Ready for Day Two? Did you get your "hello world" app running on your host?
Where We Stand
Yesterday we nailed down our concept, bought a domain name and hosting, set up our toolkit, and deployed a practice app on the host.Here's what I'm going to build: a web app to keep track of job applications, cover letters, and resumes. The working name for the project is "resuman". Unfortunately, that obvious domain name was already registered and I'm not up for buying from the current owner. So after trying a bunch of more-or-less obvious combinations, I grabbed "yresu.me", and I'll deploy the app at "trackm.yresu.me".
Notes on Domain Registration
It's worth making a couple of notes here on the domain registration process. I use GoDaddy for my registrations. In the past I've done registration with my preferred host, but if you end up switching hosts it's a hassle to move the domain registrations. Another complication: hosting services like DreamHost only support registrations on the major TLDs (.com, .org, .net, .info), while a full-service registrar like GoDaddy supports alternatives like .me.Lastly, I like the bulk domain search service from Dotster. You can search for up to 50 names at a time. So if your first choice is unavailable, use Dotster's bulk search tool to enter a whole mess of variations and see what's available. This is the process I used to find yresu.me — the search included resu.me, esu.me, su.me, and myresu.me, all of which were taken.
Make Some Mockups
Before we commit any design ideas to HTML, let's take some great advice from 37signals: sketch a bunch of drafts on paper first. To back up this idea, check out this story posted by Jeff Atwood about quantity vs. quality:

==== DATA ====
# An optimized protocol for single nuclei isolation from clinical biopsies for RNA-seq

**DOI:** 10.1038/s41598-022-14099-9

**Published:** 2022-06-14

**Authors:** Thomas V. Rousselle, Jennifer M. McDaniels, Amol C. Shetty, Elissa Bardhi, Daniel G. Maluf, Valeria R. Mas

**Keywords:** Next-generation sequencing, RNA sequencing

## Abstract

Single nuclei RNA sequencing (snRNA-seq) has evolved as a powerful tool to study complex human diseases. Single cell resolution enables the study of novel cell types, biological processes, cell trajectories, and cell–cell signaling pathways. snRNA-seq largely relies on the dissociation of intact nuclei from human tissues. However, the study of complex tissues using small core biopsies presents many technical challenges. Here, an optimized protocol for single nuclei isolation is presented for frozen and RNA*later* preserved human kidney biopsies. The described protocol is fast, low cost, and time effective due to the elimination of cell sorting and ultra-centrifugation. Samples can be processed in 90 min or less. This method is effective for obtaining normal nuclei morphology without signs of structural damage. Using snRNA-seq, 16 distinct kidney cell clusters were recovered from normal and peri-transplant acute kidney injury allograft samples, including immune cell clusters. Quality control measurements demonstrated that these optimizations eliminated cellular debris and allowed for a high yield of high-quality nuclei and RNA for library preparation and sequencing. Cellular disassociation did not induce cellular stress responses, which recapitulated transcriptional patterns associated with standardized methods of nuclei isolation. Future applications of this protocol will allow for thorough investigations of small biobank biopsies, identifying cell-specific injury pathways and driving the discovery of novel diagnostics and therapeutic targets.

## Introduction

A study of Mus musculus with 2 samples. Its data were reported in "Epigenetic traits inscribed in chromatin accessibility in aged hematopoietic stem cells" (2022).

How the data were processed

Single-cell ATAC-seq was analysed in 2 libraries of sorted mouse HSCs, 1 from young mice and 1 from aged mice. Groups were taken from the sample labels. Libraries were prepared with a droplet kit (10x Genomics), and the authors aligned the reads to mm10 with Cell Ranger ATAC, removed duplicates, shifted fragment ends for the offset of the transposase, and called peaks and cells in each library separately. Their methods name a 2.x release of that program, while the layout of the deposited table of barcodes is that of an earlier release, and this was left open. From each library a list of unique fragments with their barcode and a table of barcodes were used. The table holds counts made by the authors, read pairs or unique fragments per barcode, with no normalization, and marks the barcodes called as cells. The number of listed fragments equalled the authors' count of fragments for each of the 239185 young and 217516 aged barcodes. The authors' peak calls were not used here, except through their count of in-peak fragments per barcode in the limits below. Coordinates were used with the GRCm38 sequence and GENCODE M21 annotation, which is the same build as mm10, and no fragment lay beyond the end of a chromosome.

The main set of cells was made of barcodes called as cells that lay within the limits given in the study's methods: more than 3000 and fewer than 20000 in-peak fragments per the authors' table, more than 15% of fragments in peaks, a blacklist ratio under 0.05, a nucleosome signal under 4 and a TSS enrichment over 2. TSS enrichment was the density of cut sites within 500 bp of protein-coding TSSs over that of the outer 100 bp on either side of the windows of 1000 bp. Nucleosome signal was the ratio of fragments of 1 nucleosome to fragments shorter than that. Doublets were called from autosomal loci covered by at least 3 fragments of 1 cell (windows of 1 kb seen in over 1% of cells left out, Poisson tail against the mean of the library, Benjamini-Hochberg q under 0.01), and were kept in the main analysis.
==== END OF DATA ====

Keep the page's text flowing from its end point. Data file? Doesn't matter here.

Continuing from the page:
The ceramics teacher announced on opening day that he was dividing the class into two groups. All those on the left side of the studio, he said, would be graded solely on the quantity of work they produced, all those on the right solely on its quality. His procedure was simple: on the final day of class he would bring in his bathroom scales and weigh the work of the "quantity" group: fifty pound of pots rated an "A", forty pounds a "B", and so on. Those being graded on "quality", however, needed to produce only one pot - albeit a perfect one - to get an "A".
Well, came grading time and a curious fact emerged: the works of highest quality were all produced by the group being graded for quantity. It seems that while the "quantity" group was busily churning out piles of work - and learning from their mistakes - the "quality" group had sat theorizing about perfection, and in the end had little more to show for their efforts than grandiose theories and a pile of dead clay.
So my advice to you is to produce no fewer than five different designs on paper. It only takes a few minutes to sketch something out and see what it looks like. I did a handful of drawings on paper with my kids' crayons, and then some refinements on my whiteboard once I had chosen the general design. So use whatever media you have handy, and don't worry about getting it perfect. Run your sketches by a couple of innocent bystanders for some feedback.
Once you've got a good design on paper, make mockups in HTML and CSS. Steve Dennis at subcide.com has a great walkthrough on creating a CSS layout from scratch. If you don't have an established process for building up a design, follow his tutorial. Putting together the HTML+CSS takes a little more time than sketches on paper, but it's still worth doing a couple of different designs to see what grabs you. I worked up two different CSS layouts on top of the same HTML. Run these designs by some people — now that you've got some code, you can upload it to your site and email a link to some friends. Pick the better of the two (or three).
Better yet, upload the mockups to your host and leave a comment here with a link to them. Traffic here is low enough that I should be able to reply with feedback. (Although feel free to circulate a link to this series to a hundred of your friends, or post it to digg. I'll at least reply to the first 50 comments...)
Tomorrow we'll start writing some code.